With less than a week to go till Thursday's London mayoral election, the current holder of the post, Boris Johnson, has become the last of the five main candidates to pledge his support to the three key demands of its Love London, Go Dutch campaign. The news comes on the eve of The Big Ride, which thousands of cyclists are expected to attend, and which calls on the candidates to embrace the initiative which was launched earlier this year. Perhaps more pertinently, it comes 24 hours after his chief rival, Ken Livingstone, had himself backed the campaign.
Since becoming mayor in 2008, the Conservative mayor , introduced the Barclays Cycle Hire Scheme but has come under criticism especially in recent months for the perceived inadequacy of his much vaunted Barclays Cycle Superhighways and a transport policy that prioritises traffic flow but according to campaigners compromises the safety of vulnerable road users such as cyclists and pedestrians.
He now joins his predecessor as mayor, Labour's Mr Livignstone, the Liberal Democrat Brian Paddick, the Green Party's Jenny Jones and Independent candidate Siobhan Benita in endorsing the campaign, with his move coming after what LCC described as "intensive lobbying" on its part.
A detailed description of the three principal Love London, Go Dutch demands can be found on the LCC website, but in brief, they are, in the group's own words:
1 - Implement three flagship Love London, Go Dutch developments on major streets and/or locations
2 - Make sure all planned developments on the main roads that they controls are completed to Go Dutch standards, especially junctions.
3 - Make sure the Cycle Superhighways programme is completed to Love London, Go Dutch standards.
While all five main candidates have now pledged their support to those priniciples, as LCC points out, there are of course differences in what their transport policies actually say about cycling and other issues related to London's streets.
LCC's chief executive Ashok Sinha commented: “We’re delighted to give Boris Johnson an ‘A-grade’ for his promise to learn from the successful Dutch model to make London’s streets as safe and inviting for cycling as they are in Holland.
“We now have a commitment to a Dutch-style cycling revolution from all the main candidates, with the promise of immediate action in the next mayoralty.”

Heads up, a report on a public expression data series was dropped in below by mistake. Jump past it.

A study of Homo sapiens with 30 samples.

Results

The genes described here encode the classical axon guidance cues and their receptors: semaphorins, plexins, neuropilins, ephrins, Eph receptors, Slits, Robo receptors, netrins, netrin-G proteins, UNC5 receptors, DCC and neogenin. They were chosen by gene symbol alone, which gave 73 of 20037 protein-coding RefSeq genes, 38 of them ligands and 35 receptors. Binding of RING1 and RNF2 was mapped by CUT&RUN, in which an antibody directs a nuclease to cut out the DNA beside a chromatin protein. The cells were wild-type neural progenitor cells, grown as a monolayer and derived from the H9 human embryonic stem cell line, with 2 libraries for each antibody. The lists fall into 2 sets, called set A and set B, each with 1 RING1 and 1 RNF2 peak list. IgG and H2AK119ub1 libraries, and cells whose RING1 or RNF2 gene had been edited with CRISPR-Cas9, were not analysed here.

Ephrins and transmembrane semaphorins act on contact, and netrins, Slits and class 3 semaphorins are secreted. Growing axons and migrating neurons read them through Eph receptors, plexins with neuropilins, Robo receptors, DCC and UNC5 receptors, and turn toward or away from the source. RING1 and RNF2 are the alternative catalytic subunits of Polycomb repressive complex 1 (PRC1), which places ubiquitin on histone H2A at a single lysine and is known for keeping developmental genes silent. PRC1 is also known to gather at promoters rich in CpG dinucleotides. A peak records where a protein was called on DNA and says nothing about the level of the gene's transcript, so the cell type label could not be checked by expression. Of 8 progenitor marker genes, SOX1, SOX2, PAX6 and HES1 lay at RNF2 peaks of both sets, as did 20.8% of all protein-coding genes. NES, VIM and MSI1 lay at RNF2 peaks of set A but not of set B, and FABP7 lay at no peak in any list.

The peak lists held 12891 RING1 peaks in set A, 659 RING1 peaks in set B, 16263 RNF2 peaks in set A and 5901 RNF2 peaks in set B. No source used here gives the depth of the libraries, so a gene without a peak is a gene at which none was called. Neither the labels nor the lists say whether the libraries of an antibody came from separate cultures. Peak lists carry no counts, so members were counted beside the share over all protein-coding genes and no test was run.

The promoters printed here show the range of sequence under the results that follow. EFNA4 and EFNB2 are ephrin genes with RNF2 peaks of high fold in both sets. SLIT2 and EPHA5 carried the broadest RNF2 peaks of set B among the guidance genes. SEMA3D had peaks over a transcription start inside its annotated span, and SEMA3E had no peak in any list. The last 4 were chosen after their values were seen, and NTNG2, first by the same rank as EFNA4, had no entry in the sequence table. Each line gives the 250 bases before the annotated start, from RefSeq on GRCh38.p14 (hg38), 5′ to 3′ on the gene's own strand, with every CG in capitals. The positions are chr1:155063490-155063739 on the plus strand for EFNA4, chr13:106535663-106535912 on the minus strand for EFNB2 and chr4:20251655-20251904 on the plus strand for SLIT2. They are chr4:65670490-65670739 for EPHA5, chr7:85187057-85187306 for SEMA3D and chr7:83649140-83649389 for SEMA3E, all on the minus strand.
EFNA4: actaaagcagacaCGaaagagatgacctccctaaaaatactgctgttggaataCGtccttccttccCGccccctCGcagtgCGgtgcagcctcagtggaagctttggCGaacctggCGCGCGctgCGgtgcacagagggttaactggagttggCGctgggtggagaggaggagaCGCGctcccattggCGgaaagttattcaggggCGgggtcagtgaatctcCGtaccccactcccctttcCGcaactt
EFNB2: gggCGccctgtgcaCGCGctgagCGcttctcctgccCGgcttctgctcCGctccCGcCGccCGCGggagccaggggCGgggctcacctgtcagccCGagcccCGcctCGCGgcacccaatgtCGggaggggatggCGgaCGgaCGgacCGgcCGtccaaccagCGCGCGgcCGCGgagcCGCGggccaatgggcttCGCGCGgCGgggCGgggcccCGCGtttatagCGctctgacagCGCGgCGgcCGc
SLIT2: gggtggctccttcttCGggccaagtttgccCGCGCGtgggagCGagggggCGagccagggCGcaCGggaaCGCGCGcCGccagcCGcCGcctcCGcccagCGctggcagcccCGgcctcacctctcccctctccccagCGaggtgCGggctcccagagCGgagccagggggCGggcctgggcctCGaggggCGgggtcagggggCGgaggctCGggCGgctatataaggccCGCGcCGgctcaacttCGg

“Johnson must still do a lot more to catch up with the other candidates in other areas of cycling policy, but it’s fantastic news that he has responded to Londoners by committing to meet the three key tests of the Love London Go Dutch campaign.”
Many Londoners who use bicycles won't base the decision of which candidate to vote for purely on his or her cycling policy, but as the campaign group Londoners on Bikes points out, transport is the one area in which the city's mayor wields real executive power; by virtue of their office, the mayor is also chairman of Transport for London, appoints its board, and formulates the city's transport policy.
Unlike in a general election, there is also the fact that next Thursday, Londoners will be able to vote not only for the candidate the believe should be mayor, but also for a second preference candidate.
On Monday, four of the mayoral candidates - Mr Johnson, Mr Livingstone, Mr Paddick and Ms Jones - will participate in a special hustings organised jointly sustainable transport charity Sustrans and The Times at which they will debate the eight demands of the newspaper's Cities Fit For Cycling campaign.
The group Londoners on Bikes, which was set up specifically to campaign for candidates to adopt cycle-friendly policies including those aimed at improving the safety of riders, has said that on Monday evening it will reveal which candidate it believes has the best credentials to represent those who choose to use a bicycle to get around the city, following detailed analysis of their proposed policies.
As the LCC and other campaigners point out, it is possible to switch from a car-centric culture to one that puts bicycles and pedestrians at the centre of transport policy.
In the Netherlands itself, that change did not happen until as late as the mid-1970s, with this short film explaining the factors that came together to pave the way for today's bike friendly Dutch cities.
Born in Scotland, Simon moved to London aged seven and now lives in the Oxfordshire Cotswolds with his miniature schnauzer, Elodie. He fell in love with cycling one Saturday morning in 1994 while living in Italy when Milan-San Remo went past his front door. A daily cycle commuter in London back before riding to work started to boom, he's been news editor at road.cc since 2009. Handily for work, he speaks French and Italian. He doesn't get to ride his Colnago as often as he'd like, and freely admits he's much more adept at cooking than fettling with bikes.